At a glance
- 19th century children’s entertainment
- toy theatre, plays and props
- collector Edward Everitt
- owned by one family for more than 120 years
A rare and beautiful object
The Everitt and George Family collection consists of a beautiful and vibrant toy theatre, 11 complete plays featuring backdrops, side wings, cut-out characters and playbooks, and accessories such as oil lamps and character slides. The objects were collected by Edward Everitt, mostly in the 1880s, and cared for by him and his family for over 120 years.
History of toy theatre
Theatre going was a popular pastime in the 19th century, especially amongst the working class who flooded the major English cities as a result of the Industrial Revolution.
The toy theatre was invented in England around 1811. Originally, individual souvenir character sheets were produced but these proved so popular that soon entire plays were being reproduced. Artists attended opening nights and sketched the characters and scenery so that the miniature versions closely resembled the actual play. Sketches were then engraved and prints made. The sheets for plays were sold individually. They could be bought plain and hand coloured or you could pay a little more for them brilliantly complete. Some plays, such as Forty Thieves, had 12 sheets of characters and 15 scenes.
By the mid 19th century over 300 plays were reproduced in miniature. Toy theatres captured the sets, styles and manner of performance bringing drama, comedy and adventure into middle-class parlours.
A queer, old-fashioned shop
By the 1870s the popularity of the toy theatre was dwindling and there were only a handful of publishers left. One of the last remaining publishers was Benjamin Pollock. He took over the printing and toy theatre business of John Redington in 1877. Pollock generally republished older plays using existing plates. A play like Cinderella, which could be purchased from Benjamin Pollock in the 1880s, used plates first published in 1844.
The business Pollock took over was by no means a success but it gained fame thanks to an article written in 1884 by Robert Louis Stevenson, the well-known and popular author, who had grown up with toy theatres and remembered them fondly. The article titled ‘Penny plain, tuppence coloured’ included the line ‘if you love art, folly, or the bright eyes of children speed to Pollock’s!’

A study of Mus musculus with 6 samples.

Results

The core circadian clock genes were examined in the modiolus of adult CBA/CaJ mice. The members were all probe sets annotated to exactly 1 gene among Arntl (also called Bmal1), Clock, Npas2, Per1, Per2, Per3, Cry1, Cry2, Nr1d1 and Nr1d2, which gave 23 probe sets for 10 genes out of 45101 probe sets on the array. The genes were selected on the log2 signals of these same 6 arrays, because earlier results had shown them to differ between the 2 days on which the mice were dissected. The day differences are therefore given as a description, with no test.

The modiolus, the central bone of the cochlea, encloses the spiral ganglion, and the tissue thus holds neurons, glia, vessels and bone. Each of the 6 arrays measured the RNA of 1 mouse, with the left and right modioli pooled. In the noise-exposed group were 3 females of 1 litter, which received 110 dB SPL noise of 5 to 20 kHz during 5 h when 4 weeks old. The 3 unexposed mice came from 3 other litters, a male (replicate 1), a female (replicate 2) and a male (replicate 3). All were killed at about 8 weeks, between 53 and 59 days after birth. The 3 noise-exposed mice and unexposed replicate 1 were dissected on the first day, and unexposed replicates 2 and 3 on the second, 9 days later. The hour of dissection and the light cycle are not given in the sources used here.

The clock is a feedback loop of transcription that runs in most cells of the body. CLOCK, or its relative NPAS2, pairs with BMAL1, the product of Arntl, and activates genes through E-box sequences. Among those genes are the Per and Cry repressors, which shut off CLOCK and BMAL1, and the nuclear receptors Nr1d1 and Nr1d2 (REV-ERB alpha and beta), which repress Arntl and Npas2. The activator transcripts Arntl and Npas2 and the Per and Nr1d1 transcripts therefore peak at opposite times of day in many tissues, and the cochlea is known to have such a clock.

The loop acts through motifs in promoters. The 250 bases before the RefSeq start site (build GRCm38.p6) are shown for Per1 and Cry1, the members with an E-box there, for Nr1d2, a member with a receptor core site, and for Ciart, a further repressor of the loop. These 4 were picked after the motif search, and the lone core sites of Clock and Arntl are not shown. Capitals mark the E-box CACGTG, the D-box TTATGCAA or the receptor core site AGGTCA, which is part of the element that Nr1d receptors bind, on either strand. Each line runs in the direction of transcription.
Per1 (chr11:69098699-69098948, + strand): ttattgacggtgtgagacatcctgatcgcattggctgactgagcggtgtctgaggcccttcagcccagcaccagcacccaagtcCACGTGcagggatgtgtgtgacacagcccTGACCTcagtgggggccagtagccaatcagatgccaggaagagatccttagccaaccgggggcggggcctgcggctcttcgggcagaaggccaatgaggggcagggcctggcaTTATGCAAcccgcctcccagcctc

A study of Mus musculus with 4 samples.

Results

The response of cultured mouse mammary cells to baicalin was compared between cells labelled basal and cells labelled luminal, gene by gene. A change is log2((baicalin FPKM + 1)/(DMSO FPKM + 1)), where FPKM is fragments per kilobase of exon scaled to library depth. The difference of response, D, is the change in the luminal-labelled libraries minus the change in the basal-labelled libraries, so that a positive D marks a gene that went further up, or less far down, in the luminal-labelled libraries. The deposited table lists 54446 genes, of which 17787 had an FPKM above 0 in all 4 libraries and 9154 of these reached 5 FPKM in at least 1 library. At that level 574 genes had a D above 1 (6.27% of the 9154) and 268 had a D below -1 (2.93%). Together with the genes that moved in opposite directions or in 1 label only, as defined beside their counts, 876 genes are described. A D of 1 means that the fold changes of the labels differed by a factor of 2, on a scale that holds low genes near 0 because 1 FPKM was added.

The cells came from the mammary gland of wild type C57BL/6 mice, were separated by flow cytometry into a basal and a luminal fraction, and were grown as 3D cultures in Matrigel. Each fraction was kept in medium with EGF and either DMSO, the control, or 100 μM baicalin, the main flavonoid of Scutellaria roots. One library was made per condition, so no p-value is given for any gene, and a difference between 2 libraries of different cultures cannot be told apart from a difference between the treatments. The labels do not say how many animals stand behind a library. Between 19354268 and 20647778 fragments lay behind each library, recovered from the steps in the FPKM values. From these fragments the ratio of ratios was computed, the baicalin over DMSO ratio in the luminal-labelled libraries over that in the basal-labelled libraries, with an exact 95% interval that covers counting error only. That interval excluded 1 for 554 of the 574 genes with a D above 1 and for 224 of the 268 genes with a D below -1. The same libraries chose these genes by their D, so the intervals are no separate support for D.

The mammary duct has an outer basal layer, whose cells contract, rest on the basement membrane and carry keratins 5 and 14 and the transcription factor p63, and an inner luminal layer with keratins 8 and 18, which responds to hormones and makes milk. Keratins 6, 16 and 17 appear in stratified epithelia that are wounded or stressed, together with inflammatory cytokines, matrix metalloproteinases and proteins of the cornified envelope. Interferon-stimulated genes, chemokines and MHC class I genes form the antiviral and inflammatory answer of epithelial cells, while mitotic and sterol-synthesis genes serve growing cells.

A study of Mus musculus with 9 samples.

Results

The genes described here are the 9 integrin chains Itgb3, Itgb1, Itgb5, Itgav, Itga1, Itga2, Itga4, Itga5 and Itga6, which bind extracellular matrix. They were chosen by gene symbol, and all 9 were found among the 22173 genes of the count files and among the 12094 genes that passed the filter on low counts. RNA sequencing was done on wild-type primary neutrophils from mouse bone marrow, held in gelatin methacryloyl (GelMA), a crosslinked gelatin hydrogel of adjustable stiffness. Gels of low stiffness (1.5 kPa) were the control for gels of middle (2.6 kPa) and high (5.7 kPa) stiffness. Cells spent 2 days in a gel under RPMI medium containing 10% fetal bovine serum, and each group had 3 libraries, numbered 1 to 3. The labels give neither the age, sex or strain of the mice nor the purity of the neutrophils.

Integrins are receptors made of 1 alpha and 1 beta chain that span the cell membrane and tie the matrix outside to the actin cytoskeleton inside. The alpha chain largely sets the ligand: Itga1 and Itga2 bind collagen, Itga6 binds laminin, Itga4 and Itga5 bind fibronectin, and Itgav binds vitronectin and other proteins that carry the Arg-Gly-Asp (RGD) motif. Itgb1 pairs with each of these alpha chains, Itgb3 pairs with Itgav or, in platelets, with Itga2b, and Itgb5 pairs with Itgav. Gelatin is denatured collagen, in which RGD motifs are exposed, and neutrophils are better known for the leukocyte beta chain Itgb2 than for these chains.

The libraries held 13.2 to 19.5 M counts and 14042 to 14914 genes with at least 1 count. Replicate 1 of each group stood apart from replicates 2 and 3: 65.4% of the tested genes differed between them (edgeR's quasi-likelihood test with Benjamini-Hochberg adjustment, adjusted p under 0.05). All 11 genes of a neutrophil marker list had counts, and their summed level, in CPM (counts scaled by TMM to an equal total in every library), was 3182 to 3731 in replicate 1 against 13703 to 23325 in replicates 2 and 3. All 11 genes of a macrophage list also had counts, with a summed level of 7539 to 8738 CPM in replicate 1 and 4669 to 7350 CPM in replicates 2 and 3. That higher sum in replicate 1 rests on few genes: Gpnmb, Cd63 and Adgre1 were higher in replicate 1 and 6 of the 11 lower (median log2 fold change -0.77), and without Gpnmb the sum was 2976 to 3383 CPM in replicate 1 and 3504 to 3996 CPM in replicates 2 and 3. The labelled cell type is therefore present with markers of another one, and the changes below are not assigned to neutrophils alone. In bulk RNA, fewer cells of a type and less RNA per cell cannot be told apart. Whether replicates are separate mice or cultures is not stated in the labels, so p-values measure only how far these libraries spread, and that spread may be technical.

Edward Everitt was born in Somerset, England, in 1845. Like many children at the time he played with miniature theatres. Sometime in the late 1850s, he migrated to Sydney with his parents and family history tells that he brought parts of a toy theatre with him. What is certain is that his interest in toy theatres continued.
Edward Everitt became a jeweller, working for Flavelle and Roberts in Sydney. In 1868 he married Ann Martha Holloway and together they had 11 children. From the late 1870s Everitt regularly sent back to Pollock’s shop in London to purchase plays and equipment, such as lights, for the toy theatre. Preparing and performing a play took time and patience. The paper sheets had to be mounted on cardboard and all the figures and scenes painstakingly cut out. While all the plays were purchased coloured, Everitt’s skills as a jeweller were put to good use in the preparation of the plays and are evident in the fine work of the cut-out characters and scenes.
A theatrical family
The toy theatre was a central part of the Everitt family’s life and it is likely that the preparation of plays was a family affair. Of the 11 plays, melodramas such as The Corsican Brothers and The Daughter of the Regiment feature alongside pantomimes like Sleeping Beauty and The Silver Palace. Performances were staged to entertain family and friends and Everitt’s grandson, Eric George recalls his ‘father and uncles giving a home performance of Cinderella and coloured powder being blown across the stage to greet the entrances of fairies’.
The plays in the collection are in almost pristine condition, which is a testament to the family’s care. The vibrant colours have provided the Museum’s conservation team with a wonderful opportunity to study pigments from the late 19th century and examine how the variety of colours were mixed from three pigments.
When Edward Everitt died in 1920 the toy theatre was passed onto his sixth son Alfred. In the 1960s it passed to Edward Everitt’s grandson Eric George. Eric took great care of and pride in the toy theatre and staged plays for family and the wider communities in which he lived. What was once a child’s toy and entertainment became a treasured family heirloom highlighting one family’s ongoing use of, enjoyment in and care for a spectacular object.